That’s how scientists and healthcare professionals are describing omicron, the newest variant of COVID.
Due to the highly contagious nature of the variant, the Johnson County Healthcare Center has implemented changes to protect our patients and residents, including staff wearing KN95 masks (as they have multiple layers) for patient interactions.
The Johnson County Healthcare Center also continues to require universal masking for all staff, patients and visitors and encourages eligible members of the public to receive their COVID-19 vaccine and booster.
“The vaccines are doing an excellent job of preventing severe illness and hospitalization,” said Kristina Duarte, infection preventionist and employee health nurse at the Johnson County Healthcare Center. “The breakthrough infections we are seeing are very mild, like a common cold. The data is overwhelming that the vaccines are safe. We, and our community partners, continue to offer vaccines and boosters.”
Studies have found that the omicron variant multiplies faster in certain tissues, but it doesn’t seem to infect cells that are deeper in the lungs as much as previous variants. That means that the shedding is likely to happen faster because in many case studies, omicron is planting itself in people’s noses, not deep in the lungs.
While COVID hospitalizations continue to remain high across the country, data shows that there’s a smaller number of severe cases than with previous variants. The majority of those who are being hospitalized with omicron are unvaccinated or have compromised immune systems.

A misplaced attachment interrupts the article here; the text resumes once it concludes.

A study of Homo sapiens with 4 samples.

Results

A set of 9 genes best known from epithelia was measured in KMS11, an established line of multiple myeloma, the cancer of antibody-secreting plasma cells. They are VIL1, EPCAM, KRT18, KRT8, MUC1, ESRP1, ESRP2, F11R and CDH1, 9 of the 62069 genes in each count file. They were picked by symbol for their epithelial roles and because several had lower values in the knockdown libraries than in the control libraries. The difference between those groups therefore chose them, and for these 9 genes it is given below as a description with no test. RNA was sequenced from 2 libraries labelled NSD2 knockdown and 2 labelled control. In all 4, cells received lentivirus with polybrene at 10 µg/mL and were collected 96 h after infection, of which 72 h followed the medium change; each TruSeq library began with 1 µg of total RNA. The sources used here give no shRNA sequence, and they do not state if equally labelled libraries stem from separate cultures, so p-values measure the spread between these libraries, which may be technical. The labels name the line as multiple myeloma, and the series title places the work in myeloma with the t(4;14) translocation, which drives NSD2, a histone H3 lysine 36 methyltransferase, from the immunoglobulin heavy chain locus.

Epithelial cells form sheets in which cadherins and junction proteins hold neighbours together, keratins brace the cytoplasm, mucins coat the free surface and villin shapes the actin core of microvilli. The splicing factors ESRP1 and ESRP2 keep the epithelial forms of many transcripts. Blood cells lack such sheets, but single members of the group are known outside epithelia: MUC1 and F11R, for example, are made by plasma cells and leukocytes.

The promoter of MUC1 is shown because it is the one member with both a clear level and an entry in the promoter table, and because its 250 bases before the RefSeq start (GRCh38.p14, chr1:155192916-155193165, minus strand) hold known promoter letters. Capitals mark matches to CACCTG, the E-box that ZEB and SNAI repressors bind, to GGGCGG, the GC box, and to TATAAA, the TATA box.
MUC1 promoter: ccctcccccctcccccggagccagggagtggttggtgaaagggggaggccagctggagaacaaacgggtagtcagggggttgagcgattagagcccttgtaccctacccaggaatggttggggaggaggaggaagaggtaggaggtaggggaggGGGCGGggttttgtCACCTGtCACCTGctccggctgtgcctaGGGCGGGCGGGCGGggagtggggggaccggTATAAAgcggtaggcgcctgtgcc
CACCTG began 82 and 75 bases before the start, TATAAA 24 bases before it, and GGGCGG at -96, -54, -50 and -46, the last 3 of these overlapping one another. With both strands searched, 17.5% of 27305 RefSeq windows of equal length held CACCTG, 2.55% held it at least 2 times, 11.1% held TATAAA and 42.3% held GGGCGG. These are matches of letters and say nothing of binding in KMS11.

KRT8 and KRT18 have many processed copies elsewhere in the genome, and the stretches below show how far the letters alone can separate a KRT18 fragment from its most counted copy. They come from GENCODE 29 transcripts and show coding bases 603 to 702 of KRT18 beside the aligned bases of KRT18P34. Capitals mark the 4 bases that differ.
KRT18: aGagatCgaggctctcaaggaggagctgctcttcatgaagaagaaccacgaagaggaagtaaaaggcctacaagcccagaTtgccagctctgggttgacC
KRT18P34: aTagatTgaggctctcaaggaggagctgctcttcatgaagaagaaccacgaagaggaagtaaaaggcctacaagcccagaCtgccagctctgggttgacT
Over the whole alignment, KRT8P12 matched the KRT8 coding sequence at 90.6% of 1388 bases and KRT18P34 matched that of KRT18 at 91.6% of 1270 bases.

According to a study from Ontario, Canada, the risk of hospitalization or death was 65% lower in omicron compared to delta cases, and the risk of ICU admission or death was 83% lower.
But healthcare professionals are stressing that the reduced severity of the omicron variant could be offset by how quickly it spreads and caution the public to continue to take precautions, such as proper hand washing and wearing a mask in public places.
The highly contagious nature of the variant will lead to a higher number of cases, Duarte said. The higher number of cases will inevitably lead to a higher number of hospitalized patients, as well as staffing shortages throughout the community and school absenteeism.
“Vaccines continue to be the best way to protect our community’s limited resources,” Duarte said.
The Family Medical Center offers COVID-19 vaccines and boosters every Tuesday at the clinic. Call 307-684-2228 to schedule a vaccine or booster.